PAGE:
Marco Polo's Pure China fund ended 2008 as the best performing QFII fund, based on information available on 17 passive and actively managed funds tracked by Lipper, Eurekahedge and Bloomberg.

Last year, of course, 'best performing' did not equate to 'making money'. Even the Marco Polo fund ended the year down -46.49%. But while all QFII funds are in the red, the road to returning to the black will be much longer for those who lost as much as 65%. The silver medal goes to PCA Dragon Fund, down -48.49%, and the bronze to Morgan Stanley A-Share Fund, down -51.12%.

AsianInvestor spoke to the president of Marco Polo Investments, Alan Landau.

How did you perform in 2008?

The average QFII fund was down approximately 57.8%, and our flagship outperformed by approximately 11 percentage points. Looking back over both 2008, when the A-share market was one of the worst performing markets in the world, and 2007, when the A-share market was one of the best performing markets in the world, our flagship fund was again the best performing QFII fund and one of only five that had positive returns during this period. We are extremely proud that we have outperformed both the market and our peers in both bull and bear markets.

Is there any good news ahead?

The best news to report though is that 2008 is over. We are in a new year, 2009, and while challenges remain there are also opportunities. We are moving to our highest net-long exposure since the beginning of 2007.

What is your outlook for China's A-share markets?

Our general view is that the market continues to be oversold and presents good long-term value at these levels. Despite the recent rise in share prices, the average market price earnings ratio is still far below its long-term historical average. A simple reversion to this valuation mean would imply substantial upside potential for the market. Nonetheless, we focus on economic and company fundamentals.

How do you view China's economy?

From a fundamental top-down perspective, we see a Chinese economy that is slowing, but appears to have averted a collapse. Gross domestic product is driven by three major engines: exports, fixed asset investment and domestic consumption.  While exports have slowed dramatically, FAI (fixed asset investment) and domestic consumption are showing resiliency. FAI growth is still at very high levels and was actually higher in 2008 than in 2007. Most importantly, it is supported and should continue to be supported by government spending, especially the Rmb4 trillion spending package.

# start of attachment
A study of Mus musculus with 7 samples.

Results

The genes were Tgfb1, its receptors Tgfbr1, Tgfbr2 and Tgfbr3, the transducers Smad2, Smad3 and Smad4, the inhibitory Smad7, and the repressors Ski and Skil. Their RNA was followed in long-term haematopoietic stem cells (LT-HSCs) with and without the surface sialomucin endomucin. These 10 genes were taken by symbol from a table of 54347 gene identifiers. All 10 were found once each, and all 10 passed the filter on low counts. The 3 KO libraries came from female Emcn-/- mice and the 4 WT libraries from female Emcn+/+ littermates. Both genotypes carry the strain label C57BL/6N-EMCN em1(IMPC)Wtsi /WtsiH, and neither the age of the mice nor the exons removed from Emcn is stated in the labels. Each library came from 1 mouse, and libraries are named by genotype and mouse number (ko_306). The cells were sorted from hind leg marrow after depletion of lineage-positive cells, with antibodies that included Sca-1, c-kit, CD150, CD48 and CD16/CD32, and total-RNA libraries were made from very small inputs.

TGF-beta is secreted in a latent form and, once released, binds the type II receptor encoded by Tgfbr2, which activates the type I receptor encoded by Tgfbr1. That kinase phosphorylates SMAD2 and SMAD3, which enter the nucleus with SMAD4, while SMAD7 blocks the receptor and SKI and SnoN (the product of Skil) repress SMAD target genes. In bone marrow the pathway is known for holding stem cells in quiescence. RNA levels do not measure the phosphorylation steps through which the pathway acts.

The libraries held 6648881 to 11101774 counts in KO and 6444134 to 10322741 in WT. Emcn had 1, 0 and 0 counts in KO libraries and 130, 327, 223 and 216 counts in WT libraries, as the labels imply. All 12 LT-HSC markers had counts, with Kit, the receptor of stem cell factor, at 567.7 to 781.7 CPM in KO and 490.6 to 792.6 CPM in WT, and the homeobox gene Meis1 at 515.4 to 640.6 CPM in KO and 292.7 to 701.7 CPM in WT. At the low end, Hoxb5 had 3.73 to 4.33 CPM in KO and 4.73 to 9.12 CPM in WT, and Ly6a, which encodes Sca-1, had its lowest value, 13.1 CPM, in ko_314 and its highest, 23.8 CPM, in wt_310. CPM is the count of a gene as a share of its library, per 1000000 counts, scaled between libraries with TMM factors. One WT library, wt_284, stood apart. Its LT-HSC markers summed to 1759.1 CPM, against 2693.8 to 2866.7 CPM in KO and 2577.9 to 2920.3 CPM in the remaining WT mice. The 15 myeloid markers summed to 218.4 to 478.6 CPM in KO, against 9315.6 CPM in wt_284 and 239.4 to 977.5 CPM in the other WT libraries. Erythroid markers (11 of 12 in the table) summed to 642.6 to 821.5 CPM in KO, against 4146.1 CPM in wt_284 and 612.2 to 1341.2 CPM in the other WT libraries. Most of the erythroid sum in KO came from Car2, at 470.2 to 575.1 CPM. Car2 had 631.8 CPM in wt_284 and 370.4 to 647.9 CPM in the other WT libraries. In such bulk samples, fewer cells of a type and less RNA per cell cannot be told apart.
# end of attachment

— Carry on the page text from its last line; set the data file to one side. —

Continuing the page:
What is the strength of domestic consumption in China?

Domestic consumption is the biggest component of GDP growth and remains very strong. Retail sales, a good proxy for consumption, were up sharply in 2008 versus 2007, and despite a slight slowdown in growth, December retail sales still grew by 19% year on year, which was not far off the 23.3% growth rate in July, which was a decade high.

We think that the Chinese economy will avoid a collapse in 2009 and see GDP growth of between 7% and 8% because exports will begin to recover in the second half of the year, domestic consumption will remain strong on the back of a resilient consumer class, and FAI will be boosted further by the central government.  

In our view, China is in the best position of any country because it avoided the credit and confidence collapse in the West; has a strong balance sheet with low levels of government and consumer debt; has ample government resources to stimulate fiscally; and has a lot of room to loosen monetarily.

What sectors are you focusing on?

From a bottom-up perspective, we are focusing on sectors and companies with stable growth prospects, solid demand and foreseeable earnings. We think that sectors that are the focus of positive government policies are key, especially those that will benefit from government spending and reform. We are weighted towards such sectors/sub-sectors as healthcare and pharmaceuticals, retail, food and beverage, equipment manufacturers, construction, media and financials.

While we think that there will continue to be volatility in the first half of the year, afterwards, as investors start focusing on a recovering economy, we believe that the market will return to the longer-term bull market cycle. We think the recent bear cycle was only a hiatus in that cycle.  

This year should offer moderately positive returns, although we think there is the potential for big gains, depending on how the rest of the world does and on how some other A-share market specific issues develop, such as the pace of sales of unlocked non-tradable shares into the market. We think that A-share market will likely be among the top-performing equity markets in the world in 2009.

Are investors apprehensive about China?

Surprisingly, we saw net subscriptions in 2008. In a year when many funds saw substantial net redemptions and some were forced to put up gates or close, our investors actually gave us more capital. That is a huge statement of their confidence in us. As we look forward into 2009, we want to substantially increase subscriptions. This could be the year.

Going in to the last bull market, when many investors had never heard of the A-share market, it was difficult to raise large sums from institutional investors. However, now, the A-share market is known worldwide and is considered a serious international market. Many major international investors, including Goldman Sachs, UBS and Deutsche Bank are already QFIIs and many more are seeking QFII status. Yet, funds like ours remain one of the few methods for non-QFIIs to gain access to the A-share market.